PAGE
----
It was one of those moments when Gerry Adams wanted to be seen and heard.
His statement last week on the “unacceptable criminal actions” of dissident republicans was not your routine Adams political commentary.
The statement was highlighted in advance and more detail on the specifics of the criminal actions may well emerge now the Sinn Fein president has returned from Washington. He was there to attend the inauguration of Barack Obama.
Mr Adams named and shamed the dissidents — the Continuity IRA and the groups who operate under the titles Oglaigh na hEireann, the Real IRA and the INLA.
He linked them to extortion and intimidation and claimed they were protecting drug pushers. And he urged support for the PSNI “in ending criminality in our community”.
The last time mainstream republicans had a similar problem with dissidents the IRA was used to crush the Irish People’s Liberation Organisation (IPLO).
That group, a splinter of the INLA, was shot and threatened out of existence — a tactic no longer available, something that in the era of the peace process would not be tolerated.
So this time, we have the Adams’ approach — the most public and prominent of republican leaders, the man with the electoral mandate, urging the community to “reject these groups”, to “repudiate these (criminal) actions”, and, significantly, to help the PSNI. This is important as moves continue towards the devolution of policing and justice powers to a new Stormont department.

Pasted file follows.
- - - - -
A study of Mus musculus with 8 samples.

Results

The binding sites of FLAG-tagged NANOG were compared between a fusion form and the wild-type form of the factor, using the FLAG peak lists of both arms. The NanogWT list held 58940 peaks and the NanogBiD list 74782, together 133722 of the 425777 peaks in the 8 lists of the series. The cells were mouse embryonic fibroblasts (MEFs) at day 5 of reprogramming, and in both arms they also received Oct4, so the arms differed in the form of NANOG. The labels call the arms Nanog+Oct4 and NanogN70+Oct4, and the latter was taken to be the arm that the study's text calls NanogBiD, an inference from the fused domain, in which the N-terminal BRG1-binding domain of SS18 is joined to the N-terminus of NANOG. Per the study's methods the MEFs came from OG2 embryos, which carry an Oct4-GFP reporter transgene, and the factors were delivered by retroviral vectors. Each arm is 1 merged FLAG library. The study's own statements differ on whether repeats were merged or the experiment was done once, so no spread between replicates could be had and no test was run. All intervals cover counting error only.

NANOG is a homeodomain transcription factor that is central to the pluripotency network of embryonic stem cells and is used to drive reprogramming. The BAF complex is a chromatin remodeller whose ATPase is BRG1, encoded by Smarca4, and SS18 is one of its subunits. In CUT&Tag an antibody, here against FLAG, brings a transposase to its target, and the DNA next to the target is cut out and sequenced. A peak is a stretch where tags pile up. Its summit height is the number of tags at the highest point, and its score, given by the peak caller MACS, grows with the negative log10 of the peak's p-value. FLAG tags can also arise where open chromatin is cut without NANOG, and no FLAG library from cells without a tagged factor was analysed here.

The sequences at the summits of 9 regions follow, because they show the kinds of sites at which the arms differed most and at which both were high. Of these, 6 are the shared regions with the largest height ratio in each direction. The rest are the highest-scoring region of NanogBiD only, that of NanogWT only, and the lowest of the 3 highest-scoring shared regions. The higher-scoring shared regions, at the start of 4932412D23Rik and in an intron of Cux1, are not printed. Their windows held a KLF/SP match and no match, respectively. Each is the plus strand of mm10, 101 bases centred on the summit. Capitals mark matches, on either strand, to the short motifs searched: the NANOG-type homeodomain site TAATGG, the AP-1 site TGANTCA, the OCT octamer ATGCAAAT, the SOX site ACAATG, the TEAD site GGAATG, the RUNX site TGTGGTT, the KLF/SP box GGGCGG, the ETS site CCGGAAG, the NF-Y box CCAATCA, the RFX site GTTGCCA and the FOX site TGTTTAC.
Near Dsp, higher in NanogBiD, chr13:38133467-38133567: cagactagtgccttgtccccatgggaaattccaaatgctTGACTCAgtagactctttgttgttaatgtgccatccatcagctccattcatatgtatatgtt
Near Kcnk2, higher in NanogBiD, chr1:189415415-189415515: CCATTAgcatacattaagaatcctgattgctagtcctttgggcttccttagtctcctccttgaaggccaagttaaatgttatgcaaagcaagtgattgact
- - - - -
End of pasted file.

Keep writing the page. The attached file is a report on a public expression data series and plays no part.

There is no doubt that Adams will have thought long and hard about his words.
Despite some suspicion in the unionist community that elements of the IRA still assist the dissidents, the reality is different.
There is an enemy relationship. That is obvious. The dissidents see Mr Adams and Martin McGuinness as traitors — as men who sold out.
In the past, Sinn Fein leaders have been warned by the police that they are under threat from within their own community and from those who Mr Adams chose to name and shame several days ago. So the Adams statement will unquestionably add to that tension.
He made clear that he has no problem with those who “dissent from the mainstream republican position” or “oppose the Sinn Fein strategy”.
But he said there could be “no political tolerance” for the criminal actions he was highlighting.
The dissidents — added together — are not an alternative IRA. They do not have the firepower to re-create the ‘war’ — there is not the necessary military wherewithal or community and political support. And behind sporadic, and often failed attempts by dissidents to attack the security forces, there is this other world — a world of extortion and intimidation and crime. One source pointed to a recent incident when guns were found alongside ‘E tabs’, and linked that find to a known dissident.
“These people are giving armed cover to criminals in our areas,” he said.
So the Adams intervention is designed to do a number of things: to highlight the criminality; to say to the republican community: it’s ok to help the police, and to challenge the police to do more and do better in how they deal with all of this.
One source commented: “The PSNI are not just up to the mark at this stage — (they are) very seriously under-resourced.”
Mr Adams will also have spoken on the basis of knowing the community mood and knowing that people want something done.
Is there another IPLO-type situation developing, where a group or groups present themselves as republican organisations only in an attempt to disguise criminal actions?
How is the current situation dealt with, and who deals with it? And what is the dissident reaction or response? The Adams intervention raises many questions.
And, now that he has said what he has said, the challenge is to do something in a police and community response.